Surviving Your Child’s Diagnosis: “Peanut Allergy”

November 14, 2008

PeanutsIf you’re anything like me, this picture instantly strikes fear in your heart and gets your adrenaline rushing.  An estimated 3.1 million children in the US have food allergies, and my daughter happens to be one of them. She is highly allergic to peanuts and is likely to have an anaphylactic reaction if she ingests anything with peanut protein.

I still remember getting the diagnosis over four years ago from our pediatric allergist and feeling so devastated.  My daughter wasn’t even two years-old at that point and the thought of such a tiny, innocent creature being so vulnerable to such a pervasive ingredient was more than I could handle.  I recall going to Whole Foods the next day to re-stock our entire pantry and almost breaking down in the frozen food section because I felt so lost and overwhelmed by all the life or death choices I would now need to make on a daily basis (do you I buy her food that has been manufactured in a plant that uses peanuts but uses good manufacturing practices to protect against contamination or do I forgo it?)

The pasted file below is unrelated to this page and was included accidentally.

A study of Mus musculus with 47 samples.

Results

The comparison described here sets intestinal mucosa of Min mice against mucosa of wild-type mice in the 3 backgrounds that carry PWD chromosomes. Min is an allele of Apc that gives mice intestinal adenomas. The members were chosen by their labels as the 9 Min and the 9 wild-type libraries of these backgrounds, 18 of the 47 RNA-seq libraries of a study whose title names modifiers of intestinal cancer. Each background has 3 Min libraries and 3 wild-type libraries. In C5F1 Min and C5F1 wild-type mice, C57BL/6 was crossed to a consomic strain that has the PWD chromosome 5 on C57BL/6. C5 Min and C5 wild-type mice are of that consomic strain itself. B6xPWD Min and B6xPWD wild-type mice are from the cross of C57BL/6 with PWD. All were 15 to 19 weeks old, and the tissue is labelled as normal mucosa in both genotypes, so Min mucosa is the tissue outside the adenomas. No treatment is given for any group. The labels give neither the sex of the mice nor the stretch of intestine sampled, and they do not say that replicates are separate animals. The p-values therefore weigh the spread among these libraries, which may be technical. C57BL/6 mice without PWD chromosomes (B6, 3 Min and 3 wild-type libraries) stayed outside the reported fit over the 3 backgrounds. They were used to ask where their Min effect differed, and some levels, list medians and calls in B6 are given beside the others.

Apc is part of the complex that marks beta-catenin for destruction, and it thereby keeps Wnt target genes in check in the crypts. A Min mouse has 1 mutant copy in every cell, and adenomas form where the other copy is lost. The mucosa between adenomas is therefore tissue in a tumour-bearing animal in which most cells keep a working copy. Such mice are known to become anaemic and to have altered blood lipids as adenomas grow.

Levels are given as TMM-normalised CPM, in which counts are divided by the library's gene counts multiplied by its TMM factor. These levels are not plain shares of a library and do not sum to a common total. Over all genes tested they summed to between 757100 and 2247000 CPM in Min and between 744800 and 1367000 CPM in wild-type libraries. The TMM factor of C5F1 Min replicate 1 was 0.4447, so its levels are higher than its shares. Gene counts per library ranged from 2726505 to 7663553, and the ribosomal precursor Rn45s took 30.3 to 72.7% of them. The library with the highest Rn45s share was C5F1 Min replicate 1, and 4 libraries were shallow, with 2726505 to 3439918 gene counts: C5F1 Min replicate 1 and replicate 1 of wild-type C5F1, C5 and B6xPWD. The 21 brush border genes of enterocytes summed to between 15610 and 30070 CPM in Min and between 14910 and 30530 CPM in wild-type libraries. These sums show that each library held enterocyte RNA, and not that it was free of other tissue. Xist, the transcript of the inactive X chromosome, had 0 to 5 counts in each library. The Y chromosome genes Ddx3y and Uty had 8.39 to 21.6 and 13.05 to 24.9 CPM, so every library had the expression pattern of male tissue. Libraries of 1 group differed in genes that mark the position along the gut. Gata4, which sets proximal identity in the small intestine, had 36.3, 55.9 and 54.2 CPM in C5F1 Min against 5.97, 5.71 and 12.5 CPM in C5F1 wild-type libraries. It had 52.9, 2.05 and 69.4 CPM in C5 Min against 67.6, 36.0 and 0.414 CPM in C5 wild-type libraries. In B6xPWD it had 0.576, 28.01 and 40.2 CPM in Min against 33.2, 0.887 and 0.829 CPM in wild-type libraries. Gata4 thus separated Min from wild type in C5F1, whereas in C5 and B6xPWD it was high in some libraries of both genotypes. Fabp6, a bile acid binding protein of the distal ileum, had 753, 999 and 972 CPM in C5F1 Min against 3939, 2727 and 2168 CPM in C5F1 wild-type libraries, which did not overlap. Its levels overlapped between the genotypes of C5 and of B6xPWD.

My daughter is six now, and I’m pleased to say that she hasn’t ever had to use her Epipen Jr. and that we lead a very normal life.  When you are told that your child has a severe allergy, you very quickly figure out your “new” way of living.  You bring Benadryl and an Epipen everywhere you go.  You still go out to dinner, but you avoid certain cuisines like the plague and overindulge in other cuisines. In our case, we NEVER bring our daughter to an Asian restaurant but feel relatively comfortable in Italian places. You also quickly discover which food brands are generally safe, which candies are always/sometimes/never peanut-free, and how to make a mean Betty Crocker cupcake for all those birthday parties your child is invited to where the birthday cake may or may not contain peanuts.  Play dates at friends’ houses are a tad trickier to navigate in terms of snacks, but we generally send our own with our daughter and make sure the supervising adult is painfully aware of her allergy and how to use an Epipen.

I can’t say that having a child with a severe food allergy is no big deal.  However, it’s like many of the things that life hands to you: not what you would have wished for, but in the long run, completely manageable.